Microsoft has allegedly offered clients such as the Crown Commercial Service discounts and incentives to relinquish pre-owned perpetual licences when moving to other Microsoft services, as well as signing non-disclosure agreements to keep the deals private, the chief executive of a company suing the tech giant in an abuse of dominance claim has told PaRR.

UK software reseller slams Microsoft for seeking secret licence switch from clients

  • Tech giant is offering discounts to organisations to relinquish licences, claimant alleges
  • Tech giant blocked resale of perpetual licences to NHS and other government bodies, ValueLicensing claims
  • Microsoft prevented resale of perpetual licences in billion-dollar market in the UK and EEA, claimant says

Microsoft has allegedly offered clients such as the Crown Commercial Service discounts and incentives to relinquish pre-owned perpetual licences when moving to other Microsoft services, as well as signing non-disclosure agreements to keep the deals private, the chief executive of a company suing the tech giant in an abuse of dominance claim has told PaRR.

ValueLicensing sells second-hand software licences, which includes Microsoft products, by transferring licenses to other organisations for use. According to ValueLicensing’s official website, the company has supplied licences to the Crown Commercial Service, NHS Shared Business Services and various county councils, as well as purchasing unused licences from companies going through insolvency. The company operates across the EEA, with clients including DHL in Germany and the Czech Republic and Orange in France.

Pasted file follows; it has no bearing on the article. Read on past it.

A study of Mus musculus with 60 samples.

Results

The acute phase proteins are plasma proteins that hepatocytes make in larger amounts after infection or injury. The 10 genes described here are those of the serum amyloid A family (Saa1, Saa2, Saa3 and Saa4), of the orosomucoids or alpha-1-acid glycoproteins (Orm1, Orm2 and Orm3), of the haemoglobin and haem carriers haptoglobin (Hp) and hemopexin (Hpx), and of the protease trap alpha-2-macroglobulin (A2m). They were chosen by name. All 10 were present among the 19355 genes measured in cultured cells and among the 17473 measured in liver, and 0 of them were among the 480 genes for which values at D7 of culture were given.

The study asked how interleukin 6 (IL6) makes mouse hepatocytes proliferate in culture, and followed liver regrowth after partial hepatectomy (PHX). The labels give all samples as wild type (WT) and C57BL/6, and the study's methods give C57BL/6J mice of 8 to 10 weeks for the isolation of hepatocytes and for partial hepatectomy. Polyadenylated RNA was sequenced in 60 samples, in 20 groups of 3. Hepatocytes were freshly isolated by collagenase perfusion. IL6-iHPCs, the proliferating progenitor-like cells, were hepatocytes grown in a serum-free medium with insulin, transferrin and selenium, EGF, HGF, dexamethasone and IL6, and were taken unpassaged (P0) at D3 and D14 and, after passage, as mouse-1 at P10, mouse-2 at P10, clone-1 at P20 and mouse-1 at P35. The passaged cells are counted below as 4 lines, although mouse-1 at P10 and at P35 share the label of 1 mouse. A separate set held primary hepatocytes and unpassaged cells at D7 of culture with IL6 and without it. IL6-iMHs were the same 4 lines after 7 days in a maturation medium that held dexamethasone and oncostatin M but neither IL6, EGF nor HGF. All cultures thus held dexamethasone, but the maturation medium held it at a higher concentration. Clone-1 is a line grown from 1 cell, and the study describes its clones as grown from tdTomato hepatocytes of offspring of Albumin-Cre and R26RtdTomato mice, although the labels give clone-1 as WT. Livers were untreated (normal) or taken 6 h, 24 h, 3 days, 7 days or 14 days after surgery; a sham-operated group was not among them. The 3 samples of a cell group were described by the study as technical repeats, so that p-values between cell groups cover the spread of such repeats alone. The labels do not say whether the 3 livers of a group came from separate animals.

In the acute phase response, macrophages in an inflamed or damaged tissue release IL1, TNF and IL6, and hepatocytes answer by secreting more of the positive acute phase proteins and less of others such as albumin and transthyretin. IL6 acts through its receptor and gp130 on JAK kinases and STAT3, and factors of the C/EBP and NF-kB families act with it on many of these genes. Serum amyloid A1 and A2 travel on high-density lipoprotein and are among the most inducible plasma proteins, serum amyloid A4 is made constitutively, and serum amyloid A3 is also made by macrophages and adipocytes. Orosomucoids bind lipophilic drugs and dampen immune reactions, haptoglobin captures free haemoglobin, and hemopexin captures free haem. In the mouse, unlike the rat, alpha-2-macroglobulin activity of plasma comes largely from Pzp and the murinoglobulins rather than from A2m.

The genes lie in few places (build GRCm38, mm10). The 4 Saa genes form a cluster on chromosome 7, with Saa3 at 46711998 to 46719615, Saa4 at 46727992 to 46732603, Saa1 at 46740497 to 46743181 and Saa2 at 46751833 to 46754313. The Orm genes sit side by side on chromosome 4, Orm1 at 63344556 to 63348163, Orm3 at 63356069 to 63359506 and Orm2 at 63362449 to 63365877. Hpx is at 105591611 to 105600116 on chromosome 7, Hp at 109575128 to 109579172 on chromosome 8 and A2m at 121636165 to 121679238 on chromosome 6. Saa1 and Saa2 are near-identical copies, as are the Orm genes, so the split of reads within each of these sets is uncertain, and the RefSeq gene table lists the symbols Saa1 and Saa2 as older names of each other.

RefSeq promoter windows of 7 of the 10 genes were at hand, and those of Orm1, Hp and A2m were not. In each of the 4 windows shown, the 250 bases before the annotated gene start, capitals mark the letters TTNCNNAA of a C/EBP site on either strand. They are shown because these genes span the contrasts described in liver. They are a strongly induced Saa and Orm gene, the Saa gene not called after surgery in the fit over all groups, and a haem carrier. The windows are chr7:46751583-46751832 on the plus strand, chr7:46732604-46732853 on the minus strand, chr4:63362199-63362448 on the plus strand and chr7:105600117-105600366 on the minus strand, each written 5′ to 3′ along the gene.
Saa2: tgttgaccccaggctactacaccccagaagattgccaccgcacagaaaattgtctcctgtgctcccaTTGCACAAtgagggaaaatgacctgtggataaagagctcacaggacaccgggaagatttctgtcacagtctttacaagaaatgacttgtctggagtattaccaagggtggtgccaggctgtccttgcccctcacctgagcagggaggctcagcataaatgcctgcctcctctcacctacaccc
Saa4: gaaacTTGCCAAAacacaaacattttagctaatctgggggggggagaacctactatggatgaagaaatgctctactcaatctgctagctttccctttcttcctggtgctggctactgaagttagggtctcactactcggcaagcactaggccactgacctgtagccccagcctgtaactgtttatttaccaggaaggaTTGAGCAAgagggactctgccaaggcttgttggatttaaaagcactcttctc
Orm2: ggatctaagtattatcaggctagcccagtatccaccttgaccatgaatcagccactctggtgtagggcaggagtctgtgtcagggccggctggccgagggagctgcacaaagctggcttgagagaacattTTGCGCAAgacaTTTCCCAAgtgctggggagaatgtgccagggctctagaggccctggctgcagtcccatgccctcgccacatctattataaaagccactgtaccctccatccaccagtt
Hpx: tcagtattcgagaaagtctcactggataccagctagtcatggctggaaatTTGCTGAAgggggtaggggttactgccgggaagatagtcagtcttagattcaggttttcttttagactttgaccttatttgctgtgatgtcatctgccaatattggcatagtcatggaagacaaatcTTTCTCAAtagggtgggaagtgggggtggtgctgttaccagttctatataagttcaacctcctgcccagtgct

The company filed a GBP 270m damages claim against Microsoft at the High Court earlier this month, claiming that the tech giant abused its dominant position by imposing contractual clauses to restrict the resale of perpetual licences.

The sale of used perpetual licenses was overhauled by the European Court of Justice (ECJ) in its landmark UsedSoft decision in 2012, with the court ruling that the owner of a copyright in software cannot prevent a perpetual licensee from selling their ‘used’ licence.

Speaking to PaRR, ValueLicensing CEO Jonathan Horley said that Microsoft’s crackdown on reselling perpetual licences came as the tech giant is now moving users to subscription licensing and its Azure cloud computing services. “The move to Office 365 [a line of subscription services offered by Microsoft] has increased the pace at which organisations have moved from perpetual licences to subscription,” he said.

In theory, he said that should have meant that more perpetual licenses should have come onto the market, but Horley claimed he realised in 2020 that his company’s ability to purchase licences was being stymied. This affected ValueLicensing’s ability to purchase adequate licences to supply to the National Health Services (NHS), among other clients in the public sector, he said.

In a letter to the Crown Commercial Service seen by PaRR, lawyers for ValueLicensing stated that terms in agreements between the CCS and Microsoft, set to be renewed this month, included provisions stipulating that government departments, local authorities and police forces must relinquish, retain or otherwise refrain from selling Microsoft’s perpetual licensing, in exchange for access to discounted/incentivised Microsoft subscription licences and/or Azure services.

"Microsoft is unable to comment on ongoing legal matters,” a Microsoft spokesperson told PaRR.